Georgia judge says Willis’s relationship ‘could result’ in disqualification from Trump case 

The judge overseeing former President Trump’s Georgia criminal case set the stage Monday for a high-stakes battle later this week over whether Fulton County District Attorney Fani Willis (D) should be disqualified for her relationship with a top prosecutor in the case. 

At a Monday proceeding, Judge Scott McAfee vowed to move ahead with an evidentiary hearing on Thursday, where he will weigh accusations by Trump and some of his co-defendants that the relationship constitutes a conflict of interest. 

“I think it’s possible that the facts alleged by the defendant could result in disqualification,” the judge said. “I think an evidentiary hearing must occur to establish the record on those core allegations.” 

With the prospect of testimony from Willis and other prosecutors — and even Willis’s father — the hearing is set to be a blockbuster moment in the case. McAfee will sort out weeks of barbs between the parties, with each side asserting the other is still making false representations about Willis’s relationship with special prosecutor Nathan Wade. 

The judge insisted he would keep the hearing “focused,” suggesting he would not hesitate to step in if defense counsel sought “harassment or undue embarrassment” for the prosecutors. 

“I think the issues at point here are whether a relationship existed, whether that relationship was romantic or non-romantic in nature, when it formed and whether it continues,” McAfee said. “And that’s only relevant because it’s in combination with the question of the existence and extent of any personal benefit conveyed as a result of that relationship.” 

The effort to seek Willis’s disqualification began after Mike Roman, a Trump 2020 campaign operative who is charged alongside Trump, first brought the relationship to light last month. Trump and other co-defendants later joined the efforts.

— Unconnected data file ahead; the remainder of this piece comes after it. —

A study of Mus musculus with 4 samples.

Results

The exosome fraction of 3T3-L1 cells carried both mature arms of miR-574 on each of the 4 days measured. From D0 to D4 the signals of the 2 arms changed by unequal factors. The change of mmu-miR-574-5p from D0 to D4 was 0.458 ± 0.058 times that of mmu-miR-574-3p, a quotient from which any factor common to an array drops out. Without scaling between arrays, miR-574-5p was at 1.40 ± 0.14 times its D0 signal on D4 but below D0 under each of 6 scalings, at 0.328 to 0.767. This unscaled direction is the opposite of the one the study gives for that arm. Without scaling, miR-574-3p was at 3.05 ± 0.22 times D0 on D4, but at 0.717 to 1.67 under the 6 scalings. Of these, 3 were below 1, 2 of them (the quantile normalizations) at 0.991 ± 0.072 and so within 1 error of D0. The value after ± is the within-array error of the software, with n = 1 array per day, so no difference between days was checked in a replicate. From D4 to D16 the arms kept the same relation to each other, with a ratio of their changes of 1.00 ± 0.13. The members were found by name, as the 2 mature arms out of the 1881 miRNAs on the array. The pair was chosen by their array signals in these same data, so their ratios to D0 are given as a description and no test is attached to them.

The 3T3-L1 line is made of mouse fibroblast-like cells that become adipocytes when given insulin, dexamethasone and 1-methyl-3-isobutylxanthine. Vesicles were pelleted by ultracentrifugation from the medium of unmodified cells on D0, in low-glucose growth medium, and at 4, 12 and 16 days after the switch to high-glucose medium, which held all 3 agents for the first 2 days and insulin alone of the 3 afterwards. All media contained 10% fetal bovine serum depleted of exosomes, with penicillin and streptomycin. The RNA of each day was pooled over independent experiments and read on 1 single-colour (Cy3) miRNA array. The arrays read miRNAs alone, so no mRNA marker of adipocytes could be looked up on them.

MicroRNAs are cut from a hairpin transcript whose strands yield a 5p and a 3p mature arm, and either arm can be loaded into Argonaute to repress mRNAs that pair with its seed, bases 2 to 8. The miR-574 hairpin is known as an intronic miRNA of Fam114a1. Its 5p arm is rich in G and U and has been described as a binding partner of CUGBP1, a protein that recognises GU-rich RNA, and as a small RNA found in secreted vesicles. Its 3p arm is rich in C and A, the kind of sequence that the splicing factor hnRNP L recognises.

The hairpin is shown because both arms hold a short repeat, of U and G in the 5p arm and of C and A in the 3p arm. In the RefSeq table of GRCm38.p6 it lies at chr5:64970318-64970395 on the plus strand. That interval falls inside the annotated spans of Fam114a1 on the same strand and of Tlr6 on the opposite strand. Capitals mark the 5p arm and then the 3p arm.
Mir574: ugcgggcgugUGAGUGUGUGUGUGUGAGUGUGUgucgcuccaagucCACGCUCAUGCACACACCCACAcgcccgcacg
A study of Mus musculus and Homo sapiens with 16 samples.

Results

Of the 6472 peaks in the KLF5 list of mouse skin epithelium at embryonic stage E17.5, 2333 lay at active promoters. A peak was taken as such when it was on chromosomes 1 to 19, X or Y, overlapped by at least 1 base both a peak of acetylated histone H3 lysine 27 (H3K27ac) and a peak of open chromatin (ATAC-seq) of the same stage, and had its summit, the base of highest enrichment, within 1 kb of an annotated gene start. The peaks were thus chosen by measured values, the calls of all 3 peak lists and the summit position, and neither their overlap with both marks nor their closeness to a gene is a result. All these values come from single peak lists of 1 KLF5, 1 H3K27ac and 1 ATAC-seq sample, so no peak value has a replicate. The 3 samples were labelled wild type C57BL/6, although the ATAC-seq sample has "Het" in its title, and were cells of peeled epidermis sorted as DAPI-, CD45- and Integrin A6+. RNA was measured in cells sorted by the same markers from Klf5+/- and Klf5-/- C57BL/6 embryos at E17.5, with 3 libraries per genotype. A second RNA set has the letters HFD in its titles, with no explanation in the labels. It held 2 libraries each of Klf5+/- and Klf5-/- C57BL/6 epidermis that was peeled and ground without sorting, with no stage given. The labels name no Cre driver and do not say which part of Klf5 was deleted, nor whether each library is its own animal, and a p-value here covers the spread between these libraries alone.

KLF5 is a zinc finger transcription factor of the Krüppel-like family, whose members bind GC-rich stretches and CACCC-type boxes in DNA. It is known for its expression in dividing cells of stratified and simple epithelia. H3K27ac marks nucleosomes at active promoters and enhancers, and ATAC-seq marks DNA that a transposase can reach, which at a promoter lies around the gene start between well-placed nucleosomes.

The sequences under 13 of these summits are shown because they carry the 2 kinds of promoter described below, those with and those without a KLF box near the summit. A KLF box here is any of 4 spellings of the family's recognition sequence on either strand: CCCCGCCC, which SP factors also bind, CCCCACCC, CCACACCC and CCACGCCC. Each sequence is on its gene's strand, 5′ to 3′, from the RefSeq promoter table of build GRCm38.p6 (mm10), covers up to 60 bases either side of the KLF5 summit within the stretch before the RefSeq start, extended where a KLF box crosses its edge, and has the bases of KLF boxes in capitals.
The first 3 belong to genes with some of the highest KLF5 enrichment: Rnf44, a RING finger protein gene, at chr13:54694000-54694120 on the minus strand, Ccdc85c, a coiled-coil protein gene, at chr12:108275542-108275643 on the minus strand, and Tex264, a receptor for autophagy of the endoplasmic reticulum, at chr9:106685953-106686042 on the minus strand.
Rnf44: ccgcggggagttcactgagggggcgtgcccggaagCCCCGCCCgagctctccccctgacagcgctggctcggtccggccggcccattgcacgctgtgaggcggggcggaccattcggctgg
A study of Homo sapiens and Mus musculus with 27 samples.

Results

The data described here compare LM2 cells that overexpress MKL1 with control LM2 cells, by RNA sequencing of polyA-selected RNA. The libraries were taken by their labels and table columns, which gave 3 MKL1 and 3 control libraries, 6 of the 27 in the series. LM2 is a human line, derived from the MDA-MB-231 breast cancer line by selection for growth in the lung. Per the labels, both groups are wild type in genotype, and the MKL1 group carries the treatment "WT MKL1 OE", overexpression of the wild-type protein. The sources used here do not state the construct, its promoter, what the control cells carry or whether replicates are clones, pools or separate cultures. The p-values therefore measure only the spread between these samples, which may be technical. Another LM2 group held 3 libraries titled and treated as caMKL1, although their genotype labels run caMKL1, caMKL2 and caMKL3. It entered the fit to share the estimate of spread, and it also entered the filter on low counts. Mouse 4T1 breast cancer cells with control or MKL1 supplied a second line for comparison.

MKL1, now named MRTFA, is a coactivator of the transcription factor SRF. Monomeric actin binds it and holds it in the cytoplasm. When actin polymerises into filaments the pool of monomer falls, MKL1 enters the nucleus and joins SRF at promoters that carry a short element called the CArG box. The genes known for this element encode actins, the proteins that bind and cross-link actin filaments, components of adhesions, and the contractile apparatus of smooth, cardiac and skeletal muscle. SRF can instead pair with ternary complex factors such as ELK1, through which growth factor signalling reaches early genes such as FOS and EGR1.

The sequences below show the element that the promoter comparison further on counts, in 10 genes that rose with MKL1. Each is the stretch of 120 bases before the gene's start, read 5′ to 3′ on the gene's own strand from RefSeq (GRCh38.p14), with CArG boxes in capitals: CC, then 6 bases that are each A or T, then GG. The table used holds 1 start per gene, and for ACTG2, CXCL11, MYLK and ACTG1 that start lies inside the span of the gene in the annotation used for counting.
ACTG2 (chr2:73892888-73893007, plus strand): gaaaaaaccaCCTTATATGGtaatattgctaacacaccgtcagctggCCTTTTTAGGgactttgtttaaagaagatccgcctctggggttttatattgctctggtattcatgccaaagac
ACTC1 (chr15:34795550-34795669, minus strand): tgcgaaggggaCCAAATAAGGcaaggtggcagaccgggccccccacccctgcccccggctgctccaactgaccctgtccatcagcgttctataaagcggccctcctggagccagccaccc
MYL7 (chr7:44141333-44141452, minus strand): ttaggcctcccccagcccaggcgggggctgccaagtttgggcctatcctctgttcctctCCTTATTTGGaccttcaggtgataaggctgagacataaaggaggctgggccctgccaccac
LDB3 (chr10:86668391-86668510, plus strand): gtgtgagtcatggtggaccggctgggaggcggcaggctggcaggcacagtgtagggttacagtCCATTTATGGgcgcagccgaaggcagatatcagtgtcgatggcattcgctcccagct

On Monday, McAfee said he would defer decisions on whether Roman can subpoena Willis, Wade and other district attorney staff to testify until the Thursday hearing.  

The district attorney’s office is hoping to avoid testifying. Willis and Wade have acknowledged a “personal relationship” but insist the relationship poses no professional conflict and that they were only friends when Wade was first hired to investigate Trump. 

At Monday’s proceeding, Roman attorney Ashleigh Merchant continued to contest those claims. Merchant told the judge Monday that Wade’s former law partner, Terrence Bradley, would testify that Willis and Wade’s personal relationship began prior to his hiring as a special prosecutor in the Trump case.  

Merchant also claimed that Wade previously said in divorce filings, under oath, that he had no outside relationship during his marriage — a direct contradiction to the affidavit he filed earlier this month acknowledging his relationship with Willis.  

“We’ve got two declarations in two different courts, both sworn, both filed with the court, that say something completely different,” Merchant said, claiming that Wade later altered the affidavit in his divorce case to assert his Fifth Amendment right against self-incrimination. 

Fulton County prosecutors hit back, accusing the defense of making unfounded claims meant to draw negative media attention, asserting that Merchant’s claims that Willis and Wade cohabitated were false. Not one prosecutor with the district attorney’s office appeared in person for the Monday hearing — a notable contrast to their usual procedure.  

“The defense was not bringing new facts. The defense was not bringing you law. The defense was bringing you gossip,” special prosecutor Anna Cross told the judge. 

“And the state cannot, and the court should not, condone that practice.” 

McAfee did, however, on Monday quash a subpoena for Wade’s bank accounts and warned that his experience as a prosecutor would not be relevant to Thursday’s hearing.  

Trump and some of his co-defendants have criticized Wade for having a lack of experience in handling complex criminal cases involving racketeering charges, also noting how he received hundreds of thousands of dollars for his work. 

“In my mind, as long as a lawyer has a heartbeat and a bar card,” McAfee said, then that lawyer’s appointment is a matter “within the district attorney’s discretion.”